Puerto Rico, the forgotten

Now that Christmas is around the corner, people are wondering about Puerto Rico, that American territory which is not a state, but whose inhabitants are citizens of the USA. Last September, the island was devastated by two hurricanes. Irma, the most destructive in Caribbean history, swept across Puerto Rico on 6 September and on her heels Maria which made landfall on 20 September. The twin furies could not have come at the worse time. Puerto Rico, our step sister, was and is deep in debt for about US $120 billion and that will not disappear even if the island becomes a state. I wonder if Puerto Rico has fully recovered. Will it have a bleak Christmas?

“We’ve been suffering under the hurricane of Yankee colonialism for more than 100 years,” declared Mr. Rafael C. Miranda, a perdurable independence fighter. He has affirmed all along that Puerto Rico is a colony of the USA and that Washington has allowed American corporations to exploit the island’s natural resources and labor force. After transferring their gains to the mainland, “now we have to pay the colonial regime’s U$74-billion debt to bondholders,” decried Mr. Miranda.

I hope that by now Puerto Rico has gone beyond a survival mode, that life is back to normal with water, electricity,  and food supply restored to appropriate levels, specially in the non-urban, agricultural areas. According to news reports, the Federal Emergency Management Agency disbursed a generous US$125 million for individual assistance funds and the Small Business Administration office appropriated U$9 million for low-interest loans. These were implemented with no sparkling immediacy, but by now retail shops should be back in business and anticipating Christmas sales.

What has happened to those 200,000 or so Puerto Ricans who sought refuge in Florida? Many of them were school children who enrolled in country schools, totally unprepared to receive such large numbers of students. Last month the US Department of Education announced it would give additional funds to country schools that have had a 5% increase in enrollment. Since Puerto Ricans are US citizens, I suppose most of the students who fled to Florida are still studying there while living with relatives.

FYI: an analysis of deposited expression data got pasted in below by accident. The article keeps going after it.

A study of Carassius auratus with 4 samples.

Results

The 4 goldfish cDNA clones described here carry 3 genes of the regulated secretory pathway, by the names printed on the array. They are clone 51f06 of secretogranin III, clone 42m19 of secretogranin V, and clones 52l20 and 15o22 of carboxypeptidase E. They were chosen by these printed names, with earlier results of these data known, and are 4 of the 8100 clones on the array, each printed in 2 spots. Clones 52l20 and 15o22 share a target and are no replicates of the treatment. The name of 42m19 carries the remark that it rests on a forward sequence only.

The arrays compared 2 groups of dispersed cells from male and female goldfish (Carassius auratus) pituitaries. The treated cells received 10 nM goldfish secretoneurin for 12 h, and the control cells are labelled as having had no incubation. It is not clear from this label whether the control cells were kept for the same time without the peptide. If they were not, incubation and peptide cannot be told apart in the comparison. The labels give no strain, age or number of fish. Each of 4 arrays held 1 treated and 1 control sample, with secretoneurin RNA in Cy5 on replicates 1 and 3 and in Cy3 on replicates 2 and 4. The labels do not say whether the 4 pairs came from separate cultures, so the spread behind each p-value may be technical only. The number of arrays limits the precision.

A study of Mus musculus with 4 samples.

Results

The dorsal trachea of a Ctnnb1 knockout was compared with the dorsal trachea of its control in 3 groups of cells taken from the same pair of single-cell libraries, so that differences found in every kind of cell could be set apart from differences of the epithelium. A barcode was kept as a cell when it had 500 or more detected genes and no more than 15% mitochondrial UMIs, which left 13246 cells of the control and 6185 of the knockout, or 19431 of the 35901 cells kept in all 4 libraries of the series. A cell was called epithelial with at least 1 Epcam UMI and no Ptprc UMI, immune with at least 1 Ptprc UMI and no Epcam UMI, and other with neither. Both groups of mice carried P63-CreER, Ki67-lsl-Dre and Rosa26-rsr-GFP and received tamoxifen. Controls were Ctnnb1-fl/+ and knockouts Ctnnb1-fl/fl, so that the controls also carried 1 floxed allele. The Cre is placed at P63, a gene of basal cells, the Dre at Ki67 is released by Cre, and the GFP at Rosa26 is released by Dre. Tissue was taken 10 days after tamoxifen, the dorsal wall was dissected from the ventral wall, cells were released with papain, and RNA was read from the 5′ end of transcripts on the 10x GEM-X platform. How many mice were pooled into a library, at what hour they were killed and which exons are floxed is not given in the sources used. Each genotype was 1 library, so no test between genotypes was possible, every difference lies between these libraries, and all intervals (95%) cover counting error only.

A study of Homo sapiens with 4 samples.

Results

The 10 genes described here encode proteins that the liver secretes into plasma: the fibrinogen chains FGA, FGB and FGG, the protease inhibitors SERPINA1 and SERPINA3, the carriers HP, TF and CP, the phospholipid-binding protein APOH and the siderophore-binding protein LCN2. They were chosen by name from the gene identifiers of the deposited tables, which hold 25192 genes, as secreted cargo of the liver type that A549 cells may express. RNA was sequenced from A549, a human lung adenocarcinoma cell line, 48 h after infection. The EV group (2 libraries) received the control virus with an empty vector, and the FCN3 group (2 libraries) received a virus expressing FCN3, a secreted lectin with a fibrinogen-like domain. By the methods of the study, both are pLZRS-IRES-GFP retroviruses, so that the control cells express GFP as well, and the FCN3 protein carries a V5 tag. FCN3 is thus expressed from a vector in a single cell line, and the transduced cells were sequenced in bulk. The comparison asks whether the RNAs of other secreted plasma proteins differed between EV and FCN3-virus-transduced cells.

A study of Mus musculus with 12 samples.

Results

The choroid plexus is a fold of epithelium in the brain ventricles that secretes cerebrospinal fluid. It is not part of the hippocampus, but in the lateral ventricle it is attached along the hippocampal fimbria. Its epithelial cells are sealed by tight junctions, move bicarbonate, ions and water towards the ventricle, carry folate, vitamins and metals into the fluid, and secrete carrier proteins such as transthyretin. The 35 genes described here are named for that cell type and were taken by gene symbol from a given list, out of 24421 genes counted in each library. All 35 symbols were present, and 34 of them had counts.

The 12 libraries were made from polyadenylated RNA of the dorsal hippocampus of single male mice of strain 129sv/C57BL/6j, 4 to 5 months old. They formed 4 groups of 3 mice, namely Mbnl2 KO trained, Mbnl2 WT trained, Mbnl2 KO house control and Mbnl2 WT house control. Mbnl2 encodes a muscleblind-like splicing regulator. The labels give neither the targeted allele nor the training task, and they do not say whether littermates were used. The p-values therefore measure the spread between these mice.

We have forgotten that in 1898, the USA sent 15,000 troops to Puerto Rico during the Spanish-American War; at the same time, the island was engaged in an anti-colonial independence movement against Spain, just like the Philippines. We have forgotten about the Jones Act of 1920, which stipulated that all cargo destined for Puerto Rico have to be transported on US-owned vessels, thus increasing freight cost.

Independence fighters like Mr. Miranda argue that “US capitalists have distorted and twisted production on the island to fit their needs, exploited the labor of working people, and plundered the island’s natural resources in search of superprofits. Colonial rule means that working people face not only the exploitation of domestic and foreign capitalists, but also direct rule from Washington.”

We have also forgotten about those labor strikes in 1934, when workers of sugar, coffee, and tobacco plantations rose in protest. In those days, US corporations owned about 50% of sugar and 85% of coffee plantations. Who remembers “Operation Bootstraps? When there was a decline in world sugar prices, in the 1950-60 decade, Washington implemented an industrialization program of sorts called “Operation Bootstraps” which gave tax incentives to American corporations that set up shop in Puerto Rico. Attracted by cheap labor and tax cuts, Americans opened factories from tuna canning to pharmaceuticals. Consequently, the agricultural sector was all but abandoned, so since then Puerto Rico has had to import food, mostly from the mainland.

Due to globalization perhaps, profits of the “Bootstraps” investors began to nosedive from 1996 to the present, so Washington phased out tax breaks; factories closed and thousands of Puerto Ricans lost their jobs. Then came the hedge funds, bonds, and other financial instruments, which only served to push Puerto Rico into the bottomless debt trap.

“The hurricanes cost a lot of damage, but not as much as colonialism has,” declared Rafael C. Miranda. Anachronistic as it may sound, I think he is right. There are other former political prisoners like Mr. Miranda – Oscar Lopez, Filiberto Ojeda Rios, Pedro Albizu Campos, Senator Ruben Berrios Martinez, etc. Puerto Ricans may have voted for statehood, yet there are many who have not forgotten to fight for their Independence.